Primary care physician perspectives on screening for axial spondyloarthritis: A qualitative study

PLoS One. 2021 May 24;16(5):e0252018. doi: 10.1371/journal.pone.0252018. eCollection 2021.

Abstract

Background: Many patients with axial spondylarthritis (axSpA) experience lengthy diagnostic delays upwards of 14 years. (5-14 years). Screening tools for axSpA have been proposed for use in primary care settings, but whether this approach could be implemented into busy primary care settings remains unknown.

Objective: To solicit feedback from primary care physicians regarding questions from the Inflammatory Back Pain Assessment: the Assessment of Spondyloarthritis International Society (ASAS) Expert Criteria and gain insight about barriers and facilitators for implementing axSpA screening in primary care.

Methods: Guided by Consolidated Criteria for reporting Qualitative Research (COREQ-criteria), we recorded, transcribed, and analyzed in-depth interviews with eight family medicine physicians and ten internists (purposeful sampling) using immersion/crystallization techniques.

Results: Few physicians reported awareness of existing classification criteria for axSpA, and many reported a lack of confidence in their ability to distinguish between inflammatory and mechanical back pain. From three domains, 10 subthemes emerged: 1) typical work-up of axSpA patients in primary care, with subthemes including the clues involved in work-up and role of clinical examinations for axSpA; 2) feedback on questions from the Inflammatory Back Pain Assessment: ASAS Expert Criteria, with subthemes to evaluate contents/questions of a potential screening tool for axSpA; and 3) implementation of the screening tool in primary care settings, with subthemes of perceived barriers including awareness, time, other conditions to screen, rare disease, and lack of structured questionnaire for back pain and perceived facilitators including workflow issues and awareness.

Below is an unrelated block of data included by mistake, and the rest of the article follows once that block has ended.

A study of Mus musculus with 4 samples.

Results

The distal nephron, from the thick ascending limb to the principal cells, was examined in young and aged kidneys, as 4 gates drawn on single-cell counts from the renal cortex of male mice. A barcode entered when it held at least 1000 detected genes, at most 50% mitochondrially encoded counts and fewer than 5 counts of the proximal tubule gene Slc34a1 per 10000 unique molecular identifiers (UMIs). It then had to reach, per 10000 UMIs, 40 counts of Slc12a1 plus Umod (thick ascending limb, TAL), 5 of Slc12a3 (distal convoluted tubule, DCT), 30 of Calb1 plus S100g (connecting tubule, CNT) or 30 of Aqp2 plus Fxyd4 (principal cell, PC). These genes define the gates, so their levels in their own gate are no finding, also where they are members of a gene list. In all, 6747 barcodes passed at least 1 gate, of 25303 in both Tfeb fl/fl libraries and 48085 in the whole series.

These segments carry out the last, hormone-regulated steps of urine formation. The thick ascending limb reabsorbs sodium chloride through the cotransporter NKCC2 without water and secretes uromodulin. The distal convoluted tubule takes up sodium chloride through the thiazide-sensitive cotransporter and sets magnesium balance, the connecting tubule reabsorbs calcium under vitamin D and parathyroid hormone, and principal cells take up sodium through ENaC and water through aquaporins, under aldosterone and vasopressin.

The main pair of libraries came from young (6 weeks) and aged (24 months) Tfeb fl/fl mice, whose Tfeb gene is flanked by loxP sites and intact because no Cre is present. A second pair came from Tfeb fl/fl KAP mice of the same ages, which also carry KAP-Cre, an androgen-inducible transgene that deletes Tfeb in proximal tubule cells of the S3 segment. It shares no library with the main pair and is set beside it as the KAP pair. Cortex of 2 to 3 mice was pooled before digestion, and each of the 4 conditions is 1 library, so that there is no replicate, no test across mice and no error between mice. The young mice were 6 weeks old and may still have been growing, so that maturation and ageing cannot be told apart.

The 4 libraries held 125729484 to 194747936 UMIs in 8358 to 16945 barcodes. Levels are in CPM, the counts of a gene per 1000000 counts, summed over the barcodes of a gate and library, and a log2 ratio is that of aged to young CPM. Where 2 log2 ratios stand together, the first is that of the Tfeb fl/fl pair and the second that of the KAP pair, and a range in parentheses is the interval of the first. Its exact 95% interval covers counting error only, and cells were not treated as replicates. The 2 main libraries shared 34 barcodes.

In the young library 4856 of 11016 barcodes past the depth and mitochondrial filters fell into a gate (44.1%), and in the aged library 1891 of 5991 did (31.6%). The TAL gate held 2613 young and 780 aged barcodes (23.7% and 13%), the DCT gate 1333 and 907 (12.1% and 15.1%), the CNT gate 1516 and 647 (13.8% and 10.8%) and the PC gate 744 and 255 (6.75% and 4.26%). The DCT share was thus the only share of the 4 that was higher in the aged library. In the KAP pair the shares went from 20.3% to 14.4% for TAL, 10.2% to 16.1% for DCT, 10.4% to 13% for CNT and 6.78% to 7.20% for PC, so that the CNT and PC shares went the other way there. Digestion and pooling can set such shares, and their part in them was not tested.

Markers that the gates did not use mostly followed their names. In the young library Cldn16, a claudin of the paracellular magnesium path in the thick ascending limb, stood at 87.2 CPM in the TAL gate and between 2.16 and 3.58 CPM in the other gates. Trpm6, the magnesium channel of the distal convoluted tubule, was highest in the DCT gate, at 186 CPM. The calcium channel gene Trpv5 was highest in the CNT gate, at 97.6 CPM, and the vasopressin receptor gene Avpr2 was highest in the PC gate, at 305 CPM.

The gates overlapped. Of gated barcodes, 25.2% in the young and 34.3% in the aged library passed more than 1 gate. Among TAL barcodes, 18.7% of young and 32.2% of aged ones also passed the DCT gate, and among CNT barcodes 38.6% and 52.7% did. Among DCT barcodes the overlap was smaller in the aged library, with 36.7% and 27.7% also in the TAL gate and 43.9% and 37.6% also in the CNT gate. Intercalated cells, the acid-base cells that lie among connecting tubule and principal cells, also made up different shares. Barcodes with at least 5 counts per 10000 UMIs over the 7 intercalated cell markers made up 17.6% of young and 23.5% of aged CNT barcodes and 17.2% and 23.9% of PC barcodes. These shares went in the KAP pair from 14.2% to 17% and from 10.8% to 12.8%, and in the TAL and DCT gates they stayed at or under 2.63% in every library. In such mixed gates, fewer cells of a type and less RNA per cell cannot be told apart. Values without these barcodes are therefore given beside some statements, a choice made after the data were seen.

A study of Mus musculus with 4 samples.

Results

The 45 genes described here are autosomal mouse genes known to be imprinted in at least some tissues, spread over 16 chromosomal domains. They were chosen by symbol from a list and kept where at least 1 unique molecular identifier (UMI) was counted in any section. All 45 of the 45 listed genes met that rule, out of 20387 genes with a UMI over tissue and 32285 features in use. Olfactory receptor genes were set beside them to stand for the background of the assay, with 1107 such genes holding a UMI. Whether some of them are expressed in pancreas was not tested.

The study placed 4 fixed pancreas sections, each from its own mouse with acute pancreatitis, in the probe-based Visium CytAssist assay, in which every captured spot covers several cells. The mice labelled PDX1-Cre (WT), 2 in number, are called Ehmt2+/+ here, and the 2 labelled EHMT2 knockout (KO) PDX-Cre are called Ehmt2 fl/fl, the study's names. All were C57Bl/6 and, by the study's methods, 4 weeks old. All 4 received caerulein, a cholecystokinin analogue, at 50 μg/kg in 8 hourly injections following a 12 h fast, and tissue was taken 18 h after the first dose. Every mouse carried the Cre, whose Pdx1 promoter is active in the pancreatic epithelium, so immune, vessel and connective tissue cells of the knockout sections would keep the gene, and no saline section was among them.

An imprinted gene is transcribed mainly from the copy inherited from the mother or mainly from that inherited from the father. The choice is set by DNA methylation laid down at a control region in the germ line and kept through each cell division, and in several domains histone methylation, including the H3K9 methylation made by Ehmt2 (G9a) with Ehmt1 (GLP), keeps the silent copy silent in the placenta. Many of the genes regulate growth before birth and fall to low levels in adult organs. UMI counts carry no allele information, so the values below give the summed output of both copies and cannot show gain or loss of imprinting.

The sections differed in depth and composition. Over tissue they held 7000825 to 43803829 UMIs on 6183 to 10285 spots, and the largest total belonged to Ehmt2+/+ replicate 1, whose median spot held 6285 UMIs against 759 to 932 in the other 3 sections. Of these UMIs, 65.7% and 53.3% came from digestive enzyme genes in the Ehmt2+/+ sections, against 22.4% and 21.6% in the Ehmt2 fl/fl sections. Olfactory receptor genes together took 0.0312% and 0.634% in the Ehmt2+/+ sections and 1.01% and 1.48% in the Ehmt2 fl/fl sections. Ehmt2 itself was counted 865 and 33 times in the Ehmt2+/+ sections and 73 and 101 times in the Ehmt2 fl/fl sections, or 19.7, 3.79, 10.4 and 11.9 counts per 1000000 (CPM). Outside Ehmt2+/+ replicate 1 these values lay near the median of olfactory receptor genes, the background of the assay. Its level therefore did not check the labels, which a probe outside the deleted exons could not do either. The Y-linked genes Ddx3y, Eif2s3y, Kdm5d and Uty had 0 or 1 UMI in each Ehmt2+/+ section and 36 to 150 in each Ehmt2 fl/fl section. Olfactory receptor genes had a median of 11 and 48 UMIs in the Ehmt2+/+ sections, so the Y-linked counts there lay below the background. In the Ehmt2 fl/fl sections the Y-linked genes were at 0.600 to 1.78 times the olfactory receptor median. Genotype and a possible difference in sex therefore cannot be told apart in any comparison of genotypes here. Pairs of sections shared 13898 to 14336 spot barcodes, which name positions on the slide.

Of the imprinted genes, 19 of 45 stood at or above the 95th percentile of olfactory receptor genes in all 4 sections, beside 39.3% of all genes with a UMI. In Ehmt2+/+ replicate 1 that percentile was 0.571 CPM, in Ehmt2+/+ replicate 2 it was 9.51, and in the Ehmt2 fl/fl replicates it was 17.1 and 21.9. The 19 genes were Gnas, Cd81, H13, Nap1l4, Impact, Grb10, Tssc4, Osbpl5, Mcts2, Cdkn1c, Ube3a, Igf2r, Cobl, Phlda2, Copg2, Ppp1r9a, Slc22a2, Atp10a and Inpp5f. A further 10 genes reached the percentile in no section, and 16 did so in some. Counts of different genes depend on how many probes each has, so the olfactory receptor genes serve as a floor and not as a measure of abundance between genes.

Conclusions: Primary care physicians believed that an improved screening instrument and a strong evidence-base to support the need for screening for axSpA are required. The implementation of axSpA screening into a busy primary care practice requires integration into the practice workflow, with use of technology suggested as a possible way to improve efficiency.